This past Spring Break, a group of twelve Techers consisting of undergraduates, graduate students, and Caltech Y staff with various backgrounds were able to go to Geneva as part of the Caltech Y’s inaugural global science policy trip. This Alternative Spring Break trip consisted of one week in Switzerland with meetings and discussions with policy leaders at various international organizations including the International Committee of the Red Cross (ICRC), International Telecommunications Union (ITU), World Health Organization (WHO), World Trade Organization (WTO), and United Nations Educational, Scientific and Cultural Organization (UNESCO) in Geneva, and a day of sight-seeing at Bern, a UN designated World Heritage Site.
A particularly memorable and informative session was at CERN where we learnt about CLOUD, the chamber they have constructed to study cloud formation, and their connections to Caltech as well as the involvement of the United States overall with CERN endeavors. Our discussion at the United Nations Conference on Trade and Development (UNCTAD) was very impactful as we learnt about the need for students with tech and scientific backgrounds in public policy and UNCTAD’s efforts to produce science and technology reports at the requests of various countries.
At the World Meteorological Organization (WMO), we saw interesting presentations on the history and goals of the organization as well as climate change. Our questions about the influence this research has on science policy were answered and we also learned more about the balance between conducting research, and the need to differentiate between fact and opinion when talking to government officials. At another session, we also specifically discussed the Internet Society and various privacy standards. More generally, we worked to understand the ability of research and recommendation based organizations to influence initiatives and regulations. The students’ individual backgrounds in fields including climate change, artificial intelligence, global health issues and among others enhanced our discussions.
A particularly memorable and informative session was at CERN where we learnt about CLOUD, the chamber
they have constructed to study cloud formation, and their connections to Caltech...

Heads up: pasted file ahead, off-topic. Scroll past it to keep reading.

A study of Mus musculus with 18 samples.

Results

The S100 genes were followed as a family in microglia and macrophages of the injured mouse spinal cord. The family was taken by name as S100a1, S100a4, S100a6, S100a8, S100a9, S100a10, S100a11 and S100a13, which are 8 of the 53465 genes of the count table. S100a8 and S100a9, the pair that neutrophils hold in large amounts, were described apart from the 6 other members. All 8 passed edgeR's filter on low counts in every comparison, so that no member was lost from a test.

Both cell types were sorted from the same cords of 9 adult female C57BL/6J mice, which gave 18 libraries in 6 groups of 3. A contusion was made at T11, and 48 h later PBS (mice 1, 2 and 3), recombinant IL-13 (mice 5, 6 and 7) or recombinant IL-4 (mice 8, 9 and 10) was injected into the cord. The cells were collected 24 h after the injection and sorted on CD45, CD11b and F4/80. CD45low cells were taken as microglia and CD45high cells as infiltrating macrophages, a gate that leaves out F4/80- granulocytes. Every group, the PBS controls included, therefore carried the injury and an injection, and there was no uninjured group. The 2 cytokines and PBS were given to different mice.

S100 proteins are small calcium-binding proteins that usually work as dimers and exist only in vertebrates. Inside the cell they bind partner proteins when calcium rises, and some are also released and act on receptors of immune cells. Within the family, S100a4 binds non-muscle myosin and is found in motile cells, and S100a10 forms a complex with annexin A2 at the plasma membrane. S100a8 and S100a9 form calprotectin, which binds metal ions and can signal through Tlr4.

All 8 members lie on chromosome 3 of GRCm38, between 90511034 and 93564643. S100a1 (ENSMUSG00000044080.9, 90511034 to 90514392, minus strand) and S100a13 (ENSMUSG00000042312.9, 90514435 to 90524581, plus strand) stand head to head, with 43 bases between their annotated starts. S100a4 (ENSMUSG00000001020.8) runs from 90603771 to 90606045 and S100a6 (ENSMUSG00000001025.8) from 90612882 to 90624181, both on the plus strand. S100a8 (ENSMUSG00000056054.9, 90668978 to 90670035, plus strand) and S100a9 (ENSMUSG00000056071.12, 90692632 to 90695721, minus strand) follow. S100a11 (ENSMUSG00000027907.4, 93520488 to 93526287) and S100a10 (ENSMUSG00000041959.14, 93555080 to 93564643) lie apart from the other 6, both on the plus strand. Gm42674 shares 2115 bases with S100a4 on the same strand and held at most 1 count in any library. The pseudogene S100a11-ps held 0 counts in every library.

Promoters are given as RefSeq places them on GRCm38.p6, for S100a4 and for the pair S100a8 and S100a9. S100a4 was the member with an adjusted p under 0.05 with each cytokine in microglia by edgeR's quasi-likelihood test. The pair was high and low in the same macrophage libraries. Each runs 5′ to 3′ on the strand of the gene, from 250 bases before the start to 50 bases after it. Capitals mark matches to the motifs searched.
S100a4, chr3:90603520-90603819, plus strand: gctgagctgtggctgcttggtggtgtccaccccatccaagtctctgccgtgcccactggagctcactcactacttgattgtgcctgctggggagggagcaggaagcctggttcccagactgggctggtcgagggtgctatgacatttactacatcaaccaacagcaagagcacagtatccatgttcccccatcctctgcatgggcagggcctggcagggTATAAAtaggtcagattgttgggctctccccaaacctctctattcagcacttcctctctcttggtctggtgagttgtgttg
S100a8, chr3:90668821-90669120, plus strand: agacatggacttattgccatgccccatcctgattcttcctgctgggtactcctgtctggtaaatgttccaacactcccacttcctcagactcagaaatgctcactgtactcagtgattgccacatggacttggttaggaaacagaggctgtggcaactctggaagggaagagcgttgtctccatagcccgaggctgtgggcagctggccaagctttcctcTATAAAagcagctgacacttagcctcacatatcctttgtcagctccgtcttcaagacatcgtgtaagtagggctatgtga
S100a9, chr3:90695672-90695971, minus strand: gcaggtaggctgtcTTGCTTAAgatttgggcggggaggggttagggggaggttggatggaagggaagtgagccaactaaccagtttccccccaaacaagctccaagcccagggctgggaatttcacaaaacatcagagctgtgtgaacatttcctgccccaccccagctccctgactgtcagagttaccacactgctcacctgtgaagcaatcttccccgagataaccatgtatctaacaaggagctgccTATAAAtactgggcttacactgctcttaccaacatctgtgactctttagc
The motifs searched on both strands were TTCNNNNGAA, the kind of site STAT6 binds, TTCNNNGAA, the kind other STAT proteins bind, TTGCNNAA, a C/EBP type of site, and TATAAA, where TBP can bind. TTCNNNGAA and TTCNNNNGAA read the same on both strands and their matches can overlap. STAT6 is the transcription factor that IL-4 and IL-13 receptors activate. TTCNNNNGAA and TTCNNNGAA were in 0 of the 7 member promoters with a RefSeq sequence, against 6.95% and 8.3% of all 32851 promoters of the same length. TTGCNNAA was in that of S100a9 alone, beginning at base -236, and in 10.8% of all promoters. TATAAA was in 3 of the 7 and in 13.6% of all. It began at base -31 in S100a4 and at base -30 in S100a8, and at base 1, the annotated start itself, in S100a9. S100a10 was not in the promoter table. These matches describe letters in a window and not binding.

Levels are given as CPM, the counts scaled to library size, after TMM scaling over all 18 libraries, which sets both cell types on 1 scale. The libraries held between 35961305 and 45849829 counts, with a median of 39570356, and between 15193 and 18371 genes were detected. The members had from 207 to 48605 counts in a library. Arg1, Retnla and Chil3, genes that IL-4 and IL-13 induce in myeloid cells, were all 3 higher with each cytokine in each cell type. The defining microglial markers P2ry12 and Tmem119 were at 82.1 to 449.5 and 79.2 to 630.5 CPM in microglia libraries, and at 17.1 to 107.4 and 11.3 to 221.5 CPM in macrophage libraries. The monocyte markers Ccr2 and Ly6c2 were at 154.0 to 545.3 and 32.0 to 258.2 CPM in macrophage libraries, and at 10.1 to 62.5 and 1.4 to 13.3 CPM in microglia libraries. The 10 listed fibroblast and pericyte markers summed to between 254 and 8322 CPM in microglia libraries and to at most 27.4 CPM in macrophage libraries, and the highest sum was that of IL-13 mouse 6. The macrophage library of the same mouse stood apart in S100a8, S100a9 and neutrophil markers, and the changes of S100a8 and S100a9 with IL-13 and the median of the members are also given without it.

For me, this trip was a dream come true. It is inspiring and informative to be in an international hub like Geneva and have questions about the feasibility of achieving the Sustainable Development Goals, fake news, climate change, equitable access to technology and medical advances, and what impact we as science and engineering students can have in international policy answered by global experts who are working on tackling these issues every single day. Beyond the educational aspect of the trip, Switzerland was absolutely beautiful with a flower clock and lighthouse along Lake Geneva as well as cathedrals and towers we could climb in Bern. We also learnt that Bern is the only place where Toblerone is made and sampled plenty of chocolate while we were there. I also hit a personal record in my walking meter according to my phone, which tracked our day in Bern at 11.7 miles!
I truly enjoyed this trip and the access to individuals just willing to talk about various issues and initiatives added further context to my work as an electrical engineer. I also met other students on campus interested in science policy and learned about their specific interests, which added many different perspectives to our discussions. Thanks to everyone who supported us and helped make this trip possible. In particular, I want to especially thank the Caltech Y staff for always encouraging us to figure out ways to make this trip happen even though it seemed like a large challenging endeavor when we first started out. Hopefully, this trip will be able to be offered again in the future and I would highly recommend going!
The global policy spring break trip was made possible with generous funding from the Frank and Elsie Stefanko Fund - established by Mike and Paula Stefanko (’70) in memory of Mike's parents. The fund provides opportunities for students to travel to a location outside of Southern California to pursue an interest outside of their Caltech studies.